This morning involved a trip to the dentist’s, so I’ve been thinking about soup. My friends have commented positively on my soups, but the truth is that I basically make them up as I go along, and rarely work to a recipe. I do have a technique though.
To make soup, you need:
Something oniony – onions, garlic, leeks etc.
Oil for frying (optional)
A tomato or two
Herbs/spices as appropriate
Something proteiny (optional)
Take your onion and fry it slowly in the oil. Olive oil is best in most cases. Onions are very good steam-fried, if you want to cut down on fat. Basically you cook your onions in a tiny amount of water over a high heat, replenishing the water as needed. Chop your vegetables up quite small and add them to the pot, starting with the one that takes longest to cook, and make sure they are well coated in the oil/water. Add any spices at the end of the frying, then add the stock/water and tomatoes. Bring your soup to the boil and simmer until everything is done. Blend. Or not. It’s your call. Remember not to add anything you’d rather not blend until after you’ve blended it!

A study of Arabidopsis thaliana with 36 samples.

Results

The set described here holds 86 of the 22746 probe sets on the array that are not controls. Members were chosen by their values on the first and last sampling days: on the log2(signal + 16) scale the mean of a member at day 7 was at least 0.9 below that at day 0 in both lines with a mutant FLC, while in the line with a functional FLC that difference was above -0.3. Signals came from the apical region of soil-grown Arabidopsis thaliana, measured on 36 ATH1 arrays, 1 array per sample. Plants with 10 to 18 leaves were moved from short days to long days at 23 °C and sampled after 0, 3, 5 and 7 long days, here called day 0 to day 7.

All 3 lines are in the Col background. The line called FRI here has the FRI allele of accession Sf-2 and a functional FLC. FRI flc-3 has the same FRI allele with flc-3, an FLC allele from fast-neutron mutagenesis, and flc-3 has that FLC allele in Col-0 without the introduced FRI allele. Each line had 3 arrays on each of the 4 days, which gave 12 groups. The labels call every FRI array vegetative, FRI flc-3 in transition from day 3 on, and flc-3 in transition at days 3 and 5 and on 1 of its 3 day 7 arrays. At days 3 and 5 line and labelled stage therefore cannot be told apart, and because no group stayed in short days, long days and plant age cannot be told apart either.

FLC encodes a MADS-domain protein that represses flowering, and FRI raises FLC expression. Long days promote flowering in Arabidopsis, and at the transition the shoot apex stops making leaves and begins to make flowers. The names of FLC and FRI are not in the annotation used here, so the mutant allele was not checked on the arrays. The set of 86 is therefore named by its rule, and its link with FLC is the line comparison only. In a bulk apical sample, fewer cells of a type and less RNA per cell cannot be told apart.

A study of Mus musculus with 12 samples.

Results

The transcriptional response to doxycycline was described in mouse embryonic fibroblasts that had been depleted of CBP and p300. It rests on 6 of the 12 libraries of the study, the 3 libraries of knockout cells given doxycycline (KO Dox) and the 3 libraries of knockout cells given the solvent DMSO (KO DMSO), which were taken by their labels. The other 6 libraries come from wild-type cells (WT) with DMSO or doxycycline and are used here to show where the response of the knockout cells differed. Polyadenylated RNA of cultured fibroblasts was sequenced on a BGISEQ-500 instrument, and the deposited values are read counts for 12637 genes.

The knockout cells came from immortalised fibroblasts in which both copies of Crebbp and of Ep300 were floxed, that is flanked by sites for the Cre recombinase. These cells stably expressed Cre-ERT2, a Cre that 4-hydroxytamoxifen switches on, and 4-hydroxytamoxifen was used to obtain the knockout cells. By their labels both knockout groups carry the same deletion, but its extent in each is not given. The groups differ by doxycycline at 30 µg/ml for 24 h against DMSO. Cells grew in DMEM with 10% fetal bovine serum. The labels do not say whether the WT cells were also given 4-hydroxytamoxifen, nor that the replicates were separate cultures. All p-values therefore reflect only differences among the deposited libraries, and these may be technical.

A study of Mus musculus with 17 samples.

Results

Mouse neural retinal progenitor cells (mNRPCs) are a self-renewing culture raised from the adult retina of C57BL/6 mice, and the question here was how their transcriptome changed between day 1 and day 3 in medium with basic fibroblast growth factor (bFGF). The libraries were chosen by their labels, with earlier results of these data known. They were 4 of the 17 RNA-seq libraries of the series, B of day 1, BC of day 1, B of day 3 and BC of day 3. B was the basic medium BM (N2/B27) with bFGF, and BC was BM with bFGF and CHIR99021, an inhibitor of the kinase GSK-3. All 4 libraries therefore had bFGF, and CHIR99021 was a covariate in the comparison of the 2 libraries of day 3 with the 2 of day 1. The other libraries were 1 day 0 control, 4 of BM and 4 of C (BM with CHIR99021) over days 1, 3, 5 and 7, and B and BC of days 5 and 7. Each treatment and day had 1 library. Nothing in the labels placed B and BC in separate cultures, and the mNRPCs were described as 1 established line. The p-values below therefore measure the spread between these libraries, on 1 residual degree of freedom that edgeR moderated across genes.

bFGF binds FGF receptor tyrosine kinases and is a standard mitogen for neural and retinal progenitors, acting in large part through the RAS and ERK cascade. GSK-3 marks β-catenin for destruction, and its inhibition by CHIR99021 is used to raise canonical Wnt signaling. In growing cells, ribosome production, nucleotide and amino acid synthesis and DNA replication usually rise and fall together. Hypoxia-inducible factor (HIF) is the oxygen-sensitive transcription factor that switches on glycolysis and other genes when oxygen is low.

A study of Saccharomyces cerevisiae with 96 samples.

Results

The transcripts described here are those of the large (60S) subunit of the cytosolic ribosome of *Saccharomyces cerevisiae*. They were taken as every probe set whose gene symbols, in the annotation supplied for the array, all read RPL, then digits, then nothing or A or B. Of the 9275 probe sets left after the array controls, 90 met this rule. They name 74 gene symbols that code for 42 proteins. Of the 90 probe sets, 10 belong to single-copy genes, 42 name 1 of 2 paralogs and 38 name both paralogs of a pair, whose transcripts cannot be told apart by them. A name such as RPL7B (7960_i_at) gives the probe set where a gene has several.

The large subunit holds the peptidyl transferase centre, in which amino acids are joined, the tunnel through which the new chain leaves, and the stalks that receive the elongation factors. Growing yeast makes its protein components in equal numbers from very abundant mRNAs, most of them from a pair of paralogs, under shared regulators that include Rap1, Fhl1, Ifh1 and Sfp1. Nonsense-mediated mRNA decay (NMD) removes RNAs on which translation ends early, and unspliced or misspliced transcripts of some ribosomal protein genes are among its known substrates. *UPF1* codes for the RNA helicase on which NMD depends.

If your soup contains potatoes, let them cook through before adding the tomato otherwise the potatoes will take all week to cook. Or leave the tomato out altogether.
Good proteins to add include tinned beans or lentils, and fried fake sausages/tempeh pieces. Rice, barley and pasta are traditional soup additions. Tofu tends not to work well in European-style soups.
Quantities depend on how many people you have to feed, and whether it’s the meal itself, or just one component. For a big meal soup for me, I use about 500ml (most of a pint glass) of liquid; for a starter, I’d halve that.
As an example of this in action, my post-dentist soup was curried butternut squash and carrot. It was a meal-sized soup for one. The “onions” were a small red onion, two cloves of garlic and a lump of ginger. The vegetables were two small carrots, about 5cm off one end of the butternut squash and a handful of frozen spinach. I added a tablespoon of hot curry paste (note this is Too Much for most people) at the end of the frying, which I did in sunflower oil rather than my usual olive. I blended the soup, due to necessity, but it would have been fine as was, and added a bit of coriander leaf at the end (frozen, Waitrose own-brand – very handy!).
Another staple is “green soup”, which is made from any green vegetable on which I can lay my hands. Green soya beans (generally obtained frozen – Realeat at health food shops, and various brands at Chinese supermarkets) are good in this.